Needs Versus Wants In Marriage Focusing on what your marriage needs rather than its shortcomings can make all the difference. BY WENDY STRGAR
Getting what you want and what you need are two different things—and often enough.
"You can’t always get what you want, but if you try sometimes, you get what you need…"
That Rolling Stones refrain is playing in my head repeatedly of late and it seems clear that this is as true a love song as I have ever known. Although I would never have thought it in my earlier years, what I know of love is that it is actually rarely about what you want. Growing up and cultivating a sustainable love with your spouse is mostly about learning how to accept what you get, turn it into what you want or at least embrace it as what you need.
The song continued repeating as I struggled with finding peace in my relationship with my father; a difficult man, a pain-filled childhood, and years of resentment and hatred all coming together at every meeting. In the past the feelings were justified responses to not getting the compassionate and loving attention that we all crave. This time, the pain was about bearing witness to my own struggle. Hatred and resentment rarely impact the object of our feelings, but instead keep us stuck in the same habitual patterns that we have come to know as "relationships." I will never get what I want from that relationship, but I am starting to know how to look for what I need.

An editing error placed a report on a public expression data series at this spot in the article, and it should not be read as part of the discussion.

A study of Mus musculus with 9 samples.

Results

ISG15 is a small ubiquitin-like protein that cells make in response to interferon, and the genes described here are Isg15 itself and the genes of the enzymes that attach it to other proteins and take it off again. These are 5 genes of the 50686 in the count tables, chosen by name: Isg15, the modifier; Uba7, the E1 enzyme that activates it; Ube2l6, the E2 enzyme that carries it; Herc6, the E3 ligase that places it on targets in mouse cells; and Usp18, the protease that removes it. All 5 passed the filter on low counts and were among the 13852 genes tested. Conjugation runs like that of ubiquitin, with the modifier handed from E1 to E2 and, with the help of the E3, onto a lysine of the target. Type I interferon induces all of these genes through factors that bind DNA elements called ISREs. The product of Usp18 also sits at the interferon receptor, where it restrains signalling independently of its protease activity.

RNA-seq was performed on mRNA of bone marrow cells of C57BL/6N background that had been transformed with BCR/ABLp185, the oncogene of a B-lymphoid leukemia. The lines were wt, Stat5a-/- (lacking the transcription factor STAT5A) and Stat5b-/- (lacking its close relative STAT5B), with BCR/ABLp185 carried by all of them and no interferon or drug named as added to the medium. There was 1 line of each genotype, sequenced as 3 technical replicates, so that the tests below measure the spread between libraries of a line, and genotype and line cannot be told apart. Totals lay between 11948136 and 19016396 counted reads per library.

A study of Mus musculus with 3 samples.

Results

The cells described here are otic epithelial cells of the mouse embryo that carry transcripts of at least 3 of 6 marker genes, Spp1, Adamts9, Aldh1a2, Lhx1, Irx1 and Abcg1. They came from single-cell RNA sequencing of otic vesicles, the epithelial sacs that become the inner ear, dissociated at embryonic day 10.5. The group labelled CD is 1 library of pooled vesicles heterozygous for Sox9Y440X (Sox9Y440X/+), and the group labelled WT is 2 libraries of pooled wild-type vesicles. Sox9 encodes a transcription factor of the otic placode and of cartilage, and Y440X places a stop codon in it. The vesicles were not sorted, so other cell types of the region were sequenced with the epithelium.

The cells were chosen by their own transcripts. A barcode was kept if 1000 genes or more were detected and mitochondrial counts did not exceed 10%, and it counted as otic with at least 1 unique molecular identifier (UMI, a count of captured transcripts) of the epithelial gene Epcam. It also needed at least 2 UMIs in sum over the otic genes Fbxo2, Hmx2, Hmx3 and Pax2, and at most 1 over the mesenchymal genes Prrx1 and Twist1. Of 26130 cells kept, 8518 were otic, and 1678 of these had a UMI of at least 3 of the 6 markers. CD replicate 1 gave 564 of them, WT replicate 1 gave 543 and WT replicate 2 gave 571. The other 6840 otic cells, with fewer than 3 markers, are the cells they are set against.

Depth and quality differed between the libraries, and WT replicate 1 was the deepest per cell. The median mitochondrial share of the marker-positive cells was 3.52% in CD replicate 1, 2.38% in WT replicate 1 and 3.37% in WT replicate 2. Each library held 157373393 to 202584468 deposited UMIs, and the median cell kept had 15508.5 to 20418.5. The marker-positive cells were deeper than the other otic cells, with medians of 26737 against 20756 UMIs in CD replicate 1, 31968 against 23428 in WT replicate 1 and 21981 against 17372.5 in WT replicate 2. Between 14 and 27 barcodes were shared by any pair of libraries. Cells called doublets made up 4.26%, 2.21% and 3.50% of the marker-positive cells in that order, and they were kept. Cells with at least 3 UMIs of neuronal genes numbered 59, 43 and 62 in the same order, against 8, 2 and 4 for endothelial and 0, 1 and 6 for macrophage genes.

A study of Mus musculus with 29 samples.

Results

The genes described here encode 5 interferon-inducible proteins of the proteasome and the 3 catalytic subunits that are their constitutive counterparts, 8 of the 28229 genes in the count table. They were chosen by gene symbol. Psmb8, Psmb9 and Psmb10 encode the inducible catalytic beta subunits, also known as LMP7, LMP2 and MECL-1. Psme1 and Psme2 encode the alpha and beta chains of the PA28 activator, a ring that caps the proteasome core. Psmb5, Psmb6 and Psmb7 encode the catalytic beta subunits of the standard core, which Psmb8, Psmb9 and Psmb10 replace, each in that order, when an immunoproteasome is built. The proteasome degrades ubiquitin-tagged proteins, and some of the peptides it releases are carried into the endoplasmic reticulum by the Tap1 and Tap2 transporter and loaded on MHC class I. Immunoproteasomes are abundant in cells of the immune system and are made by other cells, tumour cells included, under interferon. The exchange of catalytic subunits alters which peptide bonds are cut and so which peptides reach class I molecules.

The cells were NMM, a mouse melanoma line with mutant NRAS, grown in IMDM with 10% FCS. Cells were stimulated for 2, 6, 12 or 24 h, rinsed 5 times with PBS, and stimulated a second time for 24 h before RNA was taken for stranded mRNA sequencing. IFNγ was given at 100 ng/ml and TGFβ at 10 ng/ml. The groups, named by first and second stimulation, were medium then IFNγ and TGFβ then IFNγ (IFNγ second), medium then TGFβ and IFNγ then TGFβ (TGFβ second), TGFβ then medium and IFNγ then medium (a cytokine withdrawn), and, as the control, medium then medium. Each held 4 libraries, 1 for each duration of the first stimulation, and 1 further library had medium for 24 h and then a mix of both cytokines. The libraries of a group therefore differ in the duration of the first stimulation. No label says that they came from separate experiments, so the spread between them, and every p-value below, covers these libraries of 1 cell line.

This song has been a love song in my marriage for decades. Learning how to see the relationship that we have as the one we need instead of resenting the shortcomings of the one that we wanted is a lifetime effort. It is easy to be confused and to want to refuse the love that a spouse can give if it doesn’t look or feel the way that we want it to. This happens most frequently in my marriage when I am deep in my own battles with my own demons.
When we are most lost to ourselves and unable to accept our weaknesses or recognize our strengths, all of the places where our closest relationships fall short become unbearable. It is so painful to recognize the moments when we are incapable of loving that blaming the other is often a premeditated survival mechanism. Often the response is so habitual that we don’t even have the time to choose a different response.
Getting to what you need in a relationship and giving up the fantasies of what you want is the key to staying and doing the daily work of connecting. And although getting what you need might not feel as good as what you want, it is enough.
Wendy Strgar is the founder of GoodCleanLove.com, which provides products and advice for sustainable love. If you have questions about products or toys send them in and Wendy will be happy to share her knowledge. When visiting the website, use coupon code NEWSITE08, to enjoy a new year 15 percent discount.